Employees work in a disconnected workplace – even as they come back on-site.
First, the pandemic sent them all home. Now, many people work fewer – or no – hours on-site. Plus, some teammates have left for other – or no – jobs.
Employees have lost the workplace connections they once cherished. The good news: You don’t necessarily need to get the band back together to make the band feel like they’re back together.
“The antidote to workplace disconnection is promoting friendship and meaningful connection at work,” says Adam Smiley Poswolsky, author of Friendship in the Age of Loneliness: An Optimist’s Guide to Connection in his Harvard Business School research. “A 2019 report … found that building close relationships with colleagues was the most important factor in determining job satisfaction by 77% of respondents.”
To help foster connections in a disconnected workplace, Poswolsky suggests these four strategies:
Create connection rituals
It’s more difficult to connect on a whim these days. People aren’t around each other as often as they were before the pandemic.
So leaders and employees will want to create new – or revive old – rituals that get people together in some sense.
Poswolsky points to research on friendship, which needs “three things to thrive: positivity, so we can feel satisfied; vulnerability, so we can feel safe; and consistency, so we can feel seen.”
Try consistent connection rituals that include praise and appreciation. For instance, institute Gratitude Mondays. Employees can start the week sharing something they’re grateful for. At the other end, try Storytelling Fridays, when they can share personal triumphs.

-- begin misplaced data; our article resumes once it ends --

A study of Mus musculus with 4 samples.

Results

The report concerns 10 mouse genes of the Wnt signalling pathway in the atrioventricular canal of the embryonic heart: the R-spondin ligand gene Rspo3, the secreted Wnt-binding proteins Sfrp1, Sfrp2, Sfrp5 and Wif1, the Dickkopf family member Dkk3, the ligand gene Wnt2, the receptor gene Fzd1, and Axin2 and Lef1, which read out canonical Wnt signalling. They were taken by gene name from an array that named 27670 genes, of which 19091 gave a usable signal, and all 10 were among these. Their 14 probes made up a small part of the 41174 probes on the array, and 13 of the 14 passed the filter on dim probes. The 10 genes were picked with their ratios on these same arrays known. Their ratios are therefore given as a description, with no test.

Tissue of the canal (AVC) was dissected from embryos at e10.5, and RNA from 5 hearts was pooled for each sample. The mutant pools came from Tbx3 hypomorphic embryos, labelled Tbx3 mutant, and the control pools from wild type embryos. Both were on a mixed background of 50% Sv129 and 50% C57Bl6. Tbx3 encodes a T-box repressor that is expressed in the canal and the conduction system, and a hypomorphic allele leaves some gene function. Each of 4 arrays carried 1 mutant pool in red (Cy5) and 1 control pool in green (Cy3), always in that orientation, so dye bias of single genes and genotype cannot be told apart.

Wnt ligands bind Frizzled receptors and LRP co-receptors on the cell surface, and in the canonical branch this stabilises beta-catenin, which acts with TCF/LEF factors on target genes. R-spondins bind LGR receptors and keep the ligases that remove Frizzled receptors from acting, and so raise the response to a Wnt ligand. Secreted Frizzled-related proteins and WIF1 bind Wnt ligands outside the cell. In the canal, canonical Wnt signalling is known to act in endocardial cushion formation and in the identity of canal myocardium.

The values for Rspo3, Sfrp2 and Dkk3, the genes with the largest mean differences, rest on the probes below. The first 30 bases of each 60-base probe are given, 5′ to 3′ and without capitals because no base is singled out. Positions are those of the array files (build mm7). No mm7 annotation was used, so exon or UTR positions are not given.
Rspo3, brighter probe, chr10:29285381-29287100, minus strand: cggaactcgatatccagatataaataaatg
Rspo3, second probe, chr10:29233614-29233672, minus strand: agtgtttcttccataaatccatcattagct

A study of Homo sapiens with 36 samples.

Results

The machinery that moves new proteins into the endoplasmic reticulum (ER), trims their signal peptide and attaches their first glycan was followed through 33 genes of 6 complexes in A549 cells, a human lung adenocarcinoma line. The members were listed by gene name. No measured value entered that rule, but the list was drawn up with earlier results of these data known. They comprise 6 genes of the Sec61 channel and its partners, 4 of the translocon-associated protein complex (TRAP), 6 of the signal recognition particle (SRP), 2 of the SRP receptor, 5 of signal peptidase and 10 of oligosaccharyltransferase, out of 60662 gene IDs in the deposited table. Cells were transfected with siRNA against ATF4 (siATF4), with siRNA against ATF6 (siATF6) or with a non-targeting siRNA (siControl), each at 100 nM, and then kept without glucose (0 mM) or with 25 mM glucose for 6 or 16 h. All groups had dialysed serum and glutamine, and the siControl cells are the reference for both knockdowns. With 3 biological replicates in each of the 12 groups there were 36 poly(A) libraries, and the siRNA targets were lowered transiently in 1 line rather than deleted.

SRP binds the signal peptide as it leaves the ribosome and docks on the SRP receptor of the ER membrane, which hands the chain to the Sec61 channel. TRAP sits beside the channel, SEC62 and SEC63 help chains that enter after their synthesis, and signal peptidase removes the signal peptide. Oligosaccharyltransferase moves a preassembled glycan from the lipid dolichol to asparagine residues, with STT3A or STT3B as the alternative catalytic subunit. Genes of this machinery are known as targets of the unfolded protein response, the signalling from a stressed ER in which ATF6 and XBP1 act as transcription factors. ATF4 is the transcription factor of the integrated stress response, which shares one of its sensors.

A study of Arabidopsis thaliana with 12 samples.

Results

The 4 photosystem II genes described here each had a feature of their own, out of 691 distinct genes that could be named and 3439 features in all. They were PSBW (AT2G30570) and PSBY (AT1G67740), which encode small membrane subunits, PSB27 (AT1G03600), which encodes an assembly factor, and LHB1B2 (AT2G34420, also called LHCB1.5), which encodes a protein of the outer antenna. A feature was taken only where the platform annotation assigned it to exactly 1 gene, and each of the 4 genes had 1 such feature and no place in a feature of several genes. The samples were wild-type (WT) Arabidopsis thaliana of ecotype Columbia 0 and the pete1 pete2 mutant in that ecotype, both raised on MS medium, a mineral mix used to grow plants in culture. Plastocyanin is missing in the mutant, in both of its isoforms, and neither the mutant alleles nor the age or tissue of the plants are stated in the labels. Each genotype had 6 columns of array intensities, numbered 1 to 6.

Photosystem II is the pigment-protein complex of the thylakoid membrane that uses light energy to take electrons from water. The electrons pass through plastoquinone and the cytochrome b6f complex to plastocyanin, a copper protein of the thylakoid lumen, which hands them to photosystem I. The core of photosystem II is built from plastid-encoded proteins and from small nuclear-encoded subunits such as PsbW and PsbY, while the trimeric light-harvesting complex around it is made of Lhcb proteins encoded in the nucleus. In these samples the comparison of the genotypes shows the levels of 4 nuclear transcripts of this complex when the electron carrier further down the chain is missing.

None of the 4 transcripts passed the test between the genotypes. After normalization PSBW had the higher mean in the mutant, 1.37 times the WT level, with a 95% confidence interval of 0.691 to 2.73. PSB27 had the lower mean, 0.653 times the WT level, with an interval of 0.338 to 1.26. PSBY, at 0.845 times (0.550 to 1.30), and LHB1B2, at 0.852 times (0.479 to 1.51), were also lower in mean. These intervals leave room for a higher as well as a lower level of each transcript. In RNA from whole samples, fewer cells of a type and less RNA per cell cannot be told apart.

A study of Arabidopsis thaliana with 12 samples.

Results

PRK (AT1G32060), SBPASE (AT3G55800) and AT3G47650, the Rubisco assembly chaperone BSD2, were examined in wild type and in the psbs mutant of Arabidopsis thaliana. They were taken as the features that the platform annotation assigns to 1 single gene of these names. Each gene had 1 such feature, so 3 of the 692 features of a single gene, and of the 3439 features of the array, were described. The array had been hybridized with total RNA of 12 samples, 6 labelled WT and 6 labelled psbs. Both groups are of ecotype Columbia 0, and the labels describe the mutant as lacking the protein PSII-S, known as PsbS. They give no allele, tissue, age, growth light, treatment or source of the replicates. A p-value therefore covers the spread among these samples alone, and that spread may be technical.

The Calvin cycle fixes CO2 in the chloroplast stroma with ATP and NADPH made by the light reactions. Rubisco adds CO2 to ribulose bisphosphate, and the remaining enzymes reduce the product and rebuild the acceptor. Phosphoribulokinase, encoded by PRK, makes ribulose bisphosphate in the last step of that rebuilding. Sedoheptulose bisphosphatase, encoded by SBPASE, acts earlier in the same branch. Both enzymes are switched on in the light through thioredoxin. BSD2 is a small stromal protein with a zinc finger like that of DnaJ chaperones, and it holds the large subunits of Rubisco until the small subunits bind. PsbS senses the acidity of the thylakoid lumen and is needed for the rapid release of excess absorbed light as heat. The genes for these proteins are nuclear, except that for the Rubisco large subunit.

Make it easy to get, give support
Most people give help when they’re asked. In fact, most people feel great about helping colleagues. Kindness and generosity of time and talent builds connections. So make it easier for employees to get and give support.
One way: Try Reciprocity Rings (coined by organizational psychologist Adam Grant). Get together with your team (in-person or via Zoom) monthly or quarterly so everyone can share something they’re struggling with.
Then the rest of the group might be able to offer ideas, new contacts or resources that wouldn’t have come up if the conversation was never facilitated.
You might even keep a spreadsheet or an app that helps everyone stay connected on the issue, offer encouragement and congratulations when the struggle eases.
Encourage personable breaks
Employees need to disconnect from work to maintain their well-being.
“For human connection and friendship to thrive, we need to take employee health seriously,” says Poswolsky.
Leaders can set the bar for employees at work by designating “work-free hours.” That way, no one feels compelled to work outside the norms.
Encourage more phone calls and in-person conversations at work to reduce loneliness and improve communication. Remind employees to use breaks to phone a friend, take a walk with a co-worker or play a board game.
Onboarding is the first opportunity leaders have to facilitate friendships and connections at work. Don’t squander it.
Amp up new employees’ – especially those hired remotely – opportunities to interact with each other and new colleagues.